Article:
Edward Ajaeb got his first taste of steganography in sixth grade, when he set up a Web site for his teacher's husband to showcase his master's thesis on the subject. By then the Utica, N.Y., youth had designed Web sites for a couple of years, a side business he'd developed in the fourth grade.
This spring, the 16-year-old sophomore got even more involved in sending hidden, encrypted messages by using a tool he downloaded off the Internet. He also tried to break into a wireless network and learned what computer cops look for during a forensics investigation. All under the watchful eye of the U.S. Air Force, which helped host what some say is the nation's first residential cybersecurity camp for high school students.
"I wanted to learn different kinds of career options, and it turns out I did learn there are a whole lot of choices," Ajaeb said of the first Cyber Security Program for High School Students held this spring at the State University of New York at Mohawk Valley Community College.
That's just what organizers wanted to hear following the weeklong, federally funded camp that exposed 28 talented teens from central New York to a field with unique staffing challenges.
"To one degree, this whole program is about antihacking," explained Ronald Cantor, dean
of the community college, which is located next to a technology business park and Griffis Air Force Base's cybersecurity research laboratory. "During part of the course, we talk about legal and societal structures and the ethics of computer hacking."
Students said the dean did indeed stress using what they learned to benefit "the good side" and not the bad. "In reality, after talking to some of the students, they were more interested in the 'bad' things that they could do," admitted one student, "but [they] understood that they'd be arrested if they ever got caught, so I believe that they decided against it."
Another student backed up that statement, saying some students told of being able to manipulate servers but quickly learned the consequences if they carried out that activity. "I don't see any of the kids ending up on the news for being a hacker or anything like that," he said.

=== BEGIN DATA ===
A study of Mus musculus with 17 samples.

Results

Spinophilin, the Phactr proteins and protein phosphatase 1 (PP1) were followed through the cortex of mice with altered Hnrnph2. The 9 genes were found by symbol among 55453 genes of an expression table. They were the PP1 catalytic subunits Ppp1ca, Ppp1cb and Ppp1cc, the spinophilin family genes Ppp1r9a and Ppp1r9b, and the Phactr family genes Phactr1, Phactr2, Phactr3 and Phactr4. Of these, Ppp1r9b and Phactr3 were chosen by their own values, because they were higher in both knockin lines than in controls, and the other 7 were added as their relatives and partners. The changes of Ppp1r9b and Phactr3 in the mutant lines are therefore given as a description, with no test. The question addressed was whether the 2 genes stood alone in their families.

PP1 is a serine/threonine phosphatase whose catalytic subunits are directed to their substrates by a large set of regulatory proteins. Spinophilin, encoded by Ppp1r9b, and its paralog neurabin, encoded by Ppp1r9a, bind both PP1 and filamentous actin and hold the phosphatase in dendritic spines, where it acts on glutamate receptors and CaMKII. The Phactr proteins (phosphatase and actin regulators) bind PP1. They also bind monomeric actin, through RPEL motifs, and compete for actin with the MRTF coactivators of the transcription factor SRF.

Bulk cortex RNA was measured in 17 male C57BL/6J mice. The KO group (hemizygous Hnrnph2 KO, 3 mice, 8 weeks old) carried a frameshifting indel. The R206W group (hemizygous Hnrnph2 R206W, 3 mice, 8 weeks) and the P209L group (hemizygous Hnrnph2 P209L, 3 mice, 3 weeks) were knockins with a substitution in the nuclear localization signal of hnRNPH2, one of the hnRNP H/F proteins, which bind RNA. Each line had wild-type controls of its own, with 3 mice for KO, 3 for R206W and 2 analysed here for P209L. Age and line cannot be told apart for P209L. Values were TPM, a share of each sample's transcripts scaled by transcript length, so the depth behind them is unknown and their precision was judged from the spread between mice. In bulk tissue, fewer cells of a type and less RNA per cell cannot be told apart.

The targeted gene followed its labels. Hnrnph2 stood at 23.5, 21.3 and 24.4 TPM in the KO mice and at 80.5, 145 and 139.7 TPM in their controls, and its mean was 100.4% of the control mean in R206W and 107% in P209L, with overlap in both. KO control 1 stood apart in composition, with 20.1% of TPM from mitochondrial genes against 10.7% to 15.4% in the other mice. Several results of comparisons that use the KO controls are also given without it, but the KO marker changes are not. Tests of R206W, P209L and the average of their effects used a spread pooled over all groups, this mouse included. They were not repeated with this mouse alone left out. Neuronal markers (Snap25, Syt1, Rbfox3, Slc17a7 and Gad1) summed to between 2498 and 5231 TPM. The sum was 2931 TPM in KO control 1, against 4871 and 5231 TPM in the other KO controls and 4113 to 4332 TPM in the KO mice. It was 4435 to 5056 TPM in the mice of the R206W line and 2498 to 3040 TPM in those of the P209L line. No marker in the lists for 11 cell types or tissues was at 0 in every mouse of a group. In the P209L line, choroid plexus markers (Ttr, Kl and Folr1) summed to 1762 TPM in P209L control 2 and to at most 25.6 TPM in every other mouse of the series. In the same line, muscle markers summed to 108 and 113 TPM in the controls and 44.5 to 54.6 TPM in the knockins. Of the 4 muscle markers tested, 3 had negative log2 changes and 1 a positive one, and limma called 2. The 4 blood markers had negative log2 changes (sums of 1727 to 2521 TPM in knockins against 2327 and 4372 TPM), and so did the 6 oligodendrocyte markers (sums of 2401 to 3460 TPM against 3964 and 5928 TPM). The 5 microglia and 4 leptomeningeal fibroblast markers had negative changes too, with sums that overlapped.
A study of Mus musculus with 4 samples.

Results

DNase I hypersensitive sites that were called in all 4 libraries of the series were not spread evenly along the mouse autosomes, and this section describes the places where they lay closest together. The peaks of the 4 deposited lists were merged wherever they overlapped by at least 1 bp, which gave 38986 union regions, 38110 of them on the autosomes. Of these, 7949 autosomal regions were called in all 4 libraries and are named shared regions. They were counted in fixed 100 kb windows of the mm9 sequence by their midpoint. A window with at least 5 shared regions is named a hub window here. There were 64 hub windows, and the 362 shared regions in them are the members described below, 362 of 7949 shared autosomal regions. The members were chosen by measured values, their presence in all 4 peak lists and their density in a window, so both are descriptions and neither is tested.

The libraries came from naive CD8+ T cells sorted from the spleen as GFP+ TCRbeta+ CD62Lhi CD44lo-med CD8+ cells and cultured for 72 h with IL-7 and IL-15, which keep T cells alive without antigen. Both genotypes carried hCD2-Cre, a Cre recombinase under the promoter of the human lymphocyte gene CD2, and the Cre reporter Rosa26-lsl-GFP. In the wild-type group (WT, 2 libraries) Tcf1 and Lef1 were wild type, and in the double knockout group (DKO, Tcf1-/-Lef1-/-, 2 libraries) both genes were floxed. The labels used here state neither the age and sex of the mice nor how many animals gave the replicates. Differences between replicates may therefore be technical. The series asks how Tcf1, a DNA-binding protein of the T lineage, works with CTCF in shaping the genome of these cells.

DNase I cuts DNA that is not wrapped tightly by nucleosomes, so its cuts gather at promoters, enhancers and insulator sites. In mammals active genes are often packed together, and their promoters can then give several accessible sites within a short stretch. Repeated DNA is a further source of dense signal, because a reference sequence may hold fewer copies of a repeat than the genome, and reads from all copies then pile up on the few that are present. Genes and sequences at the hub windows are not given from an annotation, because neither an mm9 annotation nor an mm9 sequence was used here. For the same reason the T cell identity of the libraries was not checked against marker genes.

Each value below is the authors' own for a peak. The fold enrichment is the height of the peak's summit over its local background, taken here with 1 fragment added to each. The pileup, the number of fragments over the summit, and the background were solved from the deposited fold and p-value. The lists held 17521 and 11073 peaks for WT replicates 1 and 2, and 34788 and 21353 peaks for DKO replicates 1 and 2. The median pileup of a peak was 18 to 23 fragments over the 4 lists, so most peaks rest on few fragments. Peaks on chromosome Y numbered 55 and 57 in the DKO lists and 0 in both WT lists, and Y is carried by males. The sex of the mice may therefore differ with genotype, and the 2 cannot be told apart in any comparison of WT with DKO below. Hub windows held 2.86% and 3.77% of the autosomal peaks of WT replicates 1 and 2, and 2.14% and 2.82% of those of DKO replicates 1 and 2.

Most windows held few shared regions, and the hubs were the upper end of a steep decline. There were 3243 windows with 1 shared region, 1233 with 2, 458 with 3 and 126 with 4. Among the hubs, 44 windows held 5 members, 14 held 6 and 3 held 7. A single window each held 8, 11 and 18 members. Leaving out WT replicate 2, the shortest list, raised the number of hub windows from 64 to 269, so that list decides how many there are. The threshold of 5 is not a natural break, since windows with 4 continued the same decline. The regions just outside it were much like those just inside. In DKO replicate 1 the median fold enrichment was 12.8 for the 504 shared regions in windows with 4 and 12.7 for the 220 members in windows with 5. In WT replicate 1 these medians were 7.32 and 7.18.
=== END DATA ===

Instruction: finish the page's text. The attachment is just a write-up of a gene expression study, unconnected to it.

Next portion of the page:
The program, which also plans summer sessions, arose from an open challenge made by a local congressman, Rep. Sherwood Boehlert [R-New Hartford]. "We are not producing fast enough the intellectual capital needed to maintain our preeminent position in worldwide markets," said the chairman of the House science committee. "This is the Information Age and just about everything depends on our ability to address the challenges of cybersecurity."
The camp was designed by Dr. Kamal Jabbour, a civilian who created the curriculum for the Air Force's Advanced Course in Engineering, a cybersecurity boot camp for cadets. Students, who were recommended by their guidance counselors and teachers based on academics and interest, lived in an ACE student dormitory and spent four hours daily in lectures and labs on a variety of subjects: legal and ethical issues; policy making; computer forensics; wireless security; steganography; and next-generation network security.
Campers admit the legal lectures were a snooze and the wireless attacks and steganography exercises were a highlight. "The whole week was phenomenal," said Justin Monroe, a junior from Rome, N.Y. "It really gave me an idea of what the computer science and engineering fields are really like."
This was, of course, camp and so students also devoted time to team-building, swimming, volleyball and field trips. Chess was huge, with some students calling home to request extra chess sets for ad hoc tournaments. And some needed to be coaxed outdoors to play Frisbee.
But there also were signs this was no ordinary camp. The military presence was inescapable. Students watched patriotic movies, such as "Patton" and "Apollo 13" and ate breakfast between 6 and 6:30 a.m. daily.
"For a lot of us, waking up that early in the morning was a physical challenge," Ajaeb said.
But everyone involved in the program say it was a big success and should spawn similar camps nationwide. That, Boehlert said, is good for the country. And just in time, given the pervasiveness of data crimes and identity theft. "We're maturing in this whole industry. You had reluctance from people to acknowledge there was a problem. They didn't want to admit it publicly, for obvious reasons," he said.
"At this time, one of the most promising career fields for any young person to consider is in cybersecurity, the politician added. "It's exciting to see the enthusiasm these students had… it's almost a little frightening to see how bright these kids are."